In the spring issue, we discussed the idea of Jacksonville forming a lasting national identity. Here’s one that just might stick: Jacksonville, the latest haven for craft beer.
In just a decade, the city has grown from one brewery to sixteen – with at least seven more on the way and no signs of the trend dying down any time soon.
So how did Jax become a craft brewery hot-spot, and can we keep it going long enough to become one of the country’s premier beer cities?
JAX’S BEER HISTORY
While Jacksonville doesn’t boast the most interesting beer history, it did house Florida’s second-ever brewery.
Jax Brewing Company finished work on its production facility at 1429 W. 16th St. in 1913. It put out its first batch of beer in 1914, just four years before the city adopted prohibition laws – and six years before the federal government would join in the… well, “party” doesn’t feel like the right word here.
So for a little over a decade, the company had to bide its time doing other things. It produced ice and other beverages, including “near beer” that had the alcohol boiled out of it. Local speakeasies would buy the “beer” and spike it themselves, which ironically enough probably made the final product stronger than it would’ve been otherwise.
The brewery got back to serving its true purpose right after the end of the prohibition era. Its main product was called Jax Beer, appropriately enough, and was distributed throughout the Southeast.
Jax Brewing Company was bought out in the mid ‘50s, but Jax Beer lived on as a brand – brewed elsewhere – for a few more decades.
While Anheuser-Busch would open a macrobrewery plant on the Northside in 1969 that still operates today, the closure of Jax Brewing Company created a decades-long craft brewery drought in Jacksonville.
WHERE THE MOVEMENT STARTED
The origins of today’s craft brewery scene can be traced back to the 1990s.
It was in the mid ‘90s that River City Brewing Company opened its doors along the Southbank and began their microbrewing operations. At about the same time, Ragtime Tavern in Atlantic Beach also began microbrewing; they’ve since been bought out by a non-Jax based company.
In 1999, Charleston-based Southend Brewery opened at the Landing and managed to last six years there before shutting down.
Changes to state legislation in 2001 – specifically, removing strict limitations on serving sizes for bottled or canned beer – would also make Florida a much more attractive destination for brewers.
Then in 2008, things really got started when Bold City Brewery opened its doors in Riverside. It was Jacksonville’s first full-scale craft brewery, and it was warmly received by the community.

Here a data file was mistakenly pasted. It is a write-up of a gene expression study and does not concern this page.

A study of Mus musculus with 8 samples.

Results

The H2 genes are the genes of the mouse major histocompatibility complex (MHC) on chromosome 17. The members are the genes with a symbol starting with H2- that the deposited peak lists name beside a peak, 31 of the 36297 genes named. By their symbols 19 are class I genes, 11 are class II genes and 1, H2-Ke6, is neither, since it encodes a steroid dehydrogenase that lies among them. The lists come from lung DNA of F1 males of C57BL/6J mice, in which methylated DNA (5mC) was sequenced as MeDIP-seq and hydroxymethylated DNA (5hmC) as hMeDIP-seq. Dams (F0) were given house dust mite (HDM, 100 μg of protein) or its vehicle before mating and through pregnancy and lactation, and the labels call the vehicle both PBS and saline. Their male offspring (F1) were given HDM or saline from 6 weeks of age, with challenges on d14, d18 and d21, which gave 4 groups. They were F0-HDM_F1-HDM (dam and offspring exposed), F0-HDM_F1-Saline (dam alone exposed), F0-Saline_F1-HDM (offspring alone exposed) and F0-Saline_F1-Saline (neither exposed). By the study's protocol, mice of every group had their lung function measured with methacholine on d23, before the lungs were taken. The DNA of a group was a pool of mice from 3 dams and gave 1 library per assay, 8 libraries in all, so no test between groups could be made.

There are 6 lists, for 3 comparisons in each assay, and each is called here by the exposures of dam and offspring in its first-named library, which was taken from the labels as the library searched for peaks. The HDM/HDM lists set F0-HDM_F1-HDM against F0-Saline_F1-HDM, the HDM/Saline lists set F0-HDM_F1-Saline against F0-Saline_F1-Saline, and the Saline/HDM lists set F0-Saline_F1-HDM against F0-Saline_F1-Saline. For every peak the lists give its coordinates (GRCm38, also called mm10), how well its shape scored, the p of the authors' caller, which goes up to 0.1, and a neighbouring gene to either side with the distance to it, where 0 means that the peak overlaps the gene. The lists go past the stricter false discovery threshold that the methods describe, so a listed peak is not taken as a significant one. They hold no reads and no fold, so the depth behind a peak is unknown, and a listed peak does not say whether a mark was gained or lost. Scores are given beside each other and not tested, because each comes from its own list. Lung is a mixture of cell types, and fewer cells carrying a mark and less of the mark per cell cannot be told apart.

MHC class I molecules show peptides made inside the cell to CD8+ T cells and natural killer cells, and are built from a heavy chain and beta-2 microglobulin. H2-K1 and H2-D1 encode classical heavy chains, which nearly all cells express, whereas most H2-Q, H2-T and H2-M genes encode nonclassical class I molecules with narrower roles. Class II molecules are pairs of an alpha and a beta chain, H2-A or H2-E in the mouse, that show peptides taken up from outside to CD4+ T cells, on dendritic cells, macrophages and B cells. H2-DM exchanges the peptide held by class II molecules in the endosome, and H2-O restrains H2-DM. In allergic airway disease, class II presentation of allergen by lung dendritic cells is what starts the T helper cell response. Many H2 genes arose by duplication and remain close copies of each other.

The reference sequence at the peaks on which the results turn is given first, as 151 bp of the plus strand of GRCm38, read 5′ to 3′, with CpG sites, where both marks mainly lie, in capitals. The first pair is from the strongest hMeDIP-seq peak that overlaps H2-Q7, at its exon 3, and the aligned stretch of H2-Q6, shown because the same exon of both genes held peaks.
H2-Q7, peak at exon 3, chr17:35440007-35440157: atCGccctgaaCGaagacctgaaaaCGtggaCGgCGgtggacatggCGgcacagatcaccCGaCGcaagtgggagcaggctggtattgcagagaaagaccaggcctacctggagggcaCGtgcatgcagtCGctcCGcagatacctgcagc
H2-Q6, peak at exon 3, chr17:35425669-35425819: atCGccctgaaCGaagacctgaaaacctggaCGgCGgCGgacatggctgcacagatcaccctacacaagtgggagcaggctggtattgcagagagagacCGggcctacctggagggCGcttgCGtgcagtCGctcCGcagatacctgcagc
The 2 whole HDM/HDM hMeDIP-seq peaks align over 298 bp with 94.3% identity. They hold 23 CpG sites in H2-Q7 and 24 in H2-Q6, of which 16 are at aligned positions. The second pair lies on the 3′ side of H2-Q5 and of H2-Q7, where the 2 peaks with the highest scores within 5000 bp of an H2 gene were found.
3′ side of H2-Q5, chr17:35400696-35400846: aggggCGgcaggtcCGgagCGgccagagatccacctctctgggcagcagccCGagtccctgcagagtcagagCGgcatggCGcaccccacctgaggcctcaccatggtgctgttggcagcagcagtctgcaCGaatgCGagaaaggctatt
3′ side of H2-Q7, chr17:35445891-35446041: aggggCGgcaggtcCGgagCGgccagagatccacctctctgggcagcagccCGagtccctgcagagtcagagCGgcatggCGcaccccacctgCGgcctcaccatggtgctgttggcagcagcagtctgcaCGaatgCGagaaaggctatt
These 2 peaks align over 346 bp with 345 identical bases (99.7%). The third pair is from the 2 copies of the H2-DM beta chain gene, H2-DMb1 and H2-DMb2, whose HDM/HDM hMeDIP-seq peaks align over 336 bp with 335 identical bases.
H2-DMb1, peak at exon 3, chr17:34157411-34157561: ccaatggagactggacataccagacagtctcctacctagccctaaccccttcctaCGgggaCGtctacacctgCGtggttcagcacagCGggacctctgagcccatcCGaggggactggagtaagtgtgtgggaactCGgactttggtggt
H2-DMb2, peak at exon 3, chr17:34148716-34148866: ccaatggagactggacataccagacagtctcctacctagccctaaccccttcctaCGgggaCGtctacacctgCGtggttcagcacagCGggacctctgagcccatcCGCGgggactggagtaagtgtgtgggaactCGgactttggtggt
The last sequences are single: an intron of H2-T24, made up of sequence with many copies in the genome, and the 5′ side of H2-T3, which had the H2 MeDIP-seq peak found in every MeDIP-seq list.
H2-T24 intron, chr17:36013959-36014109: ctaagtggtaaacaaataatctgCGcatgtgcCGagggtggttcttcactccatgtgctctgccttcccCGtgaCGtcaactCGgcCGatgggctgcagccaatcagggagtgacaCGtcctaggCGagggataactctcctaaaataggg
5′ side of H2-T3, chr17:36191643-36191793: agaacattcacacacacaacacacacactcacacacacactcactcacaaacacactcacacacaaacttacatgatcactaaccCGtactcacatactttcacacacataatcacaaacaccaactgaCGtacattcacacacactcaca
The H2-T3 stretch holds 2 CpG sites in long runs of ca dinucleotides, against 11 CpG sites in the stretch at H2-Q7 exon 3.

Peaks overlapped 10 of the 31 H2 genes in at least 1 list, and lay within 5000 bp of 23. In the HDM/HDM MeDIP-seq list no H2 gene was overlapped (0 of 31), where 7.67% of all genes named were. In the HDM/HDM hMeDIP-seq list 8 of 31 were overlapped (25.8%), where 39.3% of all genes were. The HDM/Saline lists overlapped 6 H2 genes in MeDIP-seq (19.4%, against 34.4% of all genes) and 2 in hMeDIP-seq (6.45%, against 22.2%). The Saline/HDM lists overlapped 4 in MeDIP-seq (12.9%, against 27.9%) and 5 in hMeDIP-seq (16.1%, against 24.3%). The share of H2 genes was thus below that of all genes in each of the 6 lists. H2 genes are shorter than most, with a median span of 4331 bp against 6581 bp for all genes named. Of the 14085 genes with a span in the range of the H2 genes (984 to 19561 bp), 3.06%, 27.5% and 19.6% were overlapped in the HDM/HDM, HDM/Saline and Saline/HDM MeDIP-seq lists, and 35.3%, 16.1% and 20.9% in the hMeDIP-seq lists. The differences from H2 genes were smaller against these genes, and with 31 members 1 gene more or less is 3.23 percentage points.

Two years later, Intuition Ale Works opened just down the street, and Engine 15 Brewing Co. opened up along Beach Blvd.
By 2013, Engine 15 had already added a second location on the edges of downtown Jax, and three more breweries had opened.
The beaches became a hot spot for craft beer, along with the area surrounding King St. in Riverside. And the resurgent Springfield neighborhood, once subject of a debate over the presence of craft breweries, is now home to two of them with a third on the way.
The fun has even spread downtown, with Intuition Ale Works’ new location on Bay St. and Bold City Brewery’s tap room next door to Cowford Chophouse.
By next year, the city is likely to boast over twenty craft breweries.
And as a result, beer has become a part of life in Jax. Many specialty beer shops have opened around the city, taking advantage of both the craft brew trend and 2015 legislation that legalized the sale of 64-ounce growlers.
And city events like Art Walk now include craft beer, allowing you to enjoy the festivities with a great local drink in your hand.
WILL IT KEEP GOING?
With at least seven breweries set to open within the next year or so, it seems that the beer scene in Jacksonville is set to keep growing.
And the national trend seems to indicate that new breweries will keep opening, with 1,000 new craft breweries opening their doors in 2017 alone.
The craft beer industry has been one of the country’s fastest-growing industries for years – so at some point, the growth will start to slow down. And we would have a long way to go to catch up with cities famous for their craft beer such as Denver or Portland.
But as long as the community enthusiasm for the product remains, the breweries that have opened can keep going for years to come, and new ones can pop up in under-represented neighborhoods as time goes on. And Jacksonville has at least proven one thing over the past decade: we really like beer.
So it looks like as long as they’re brewing it, we’re drinking it.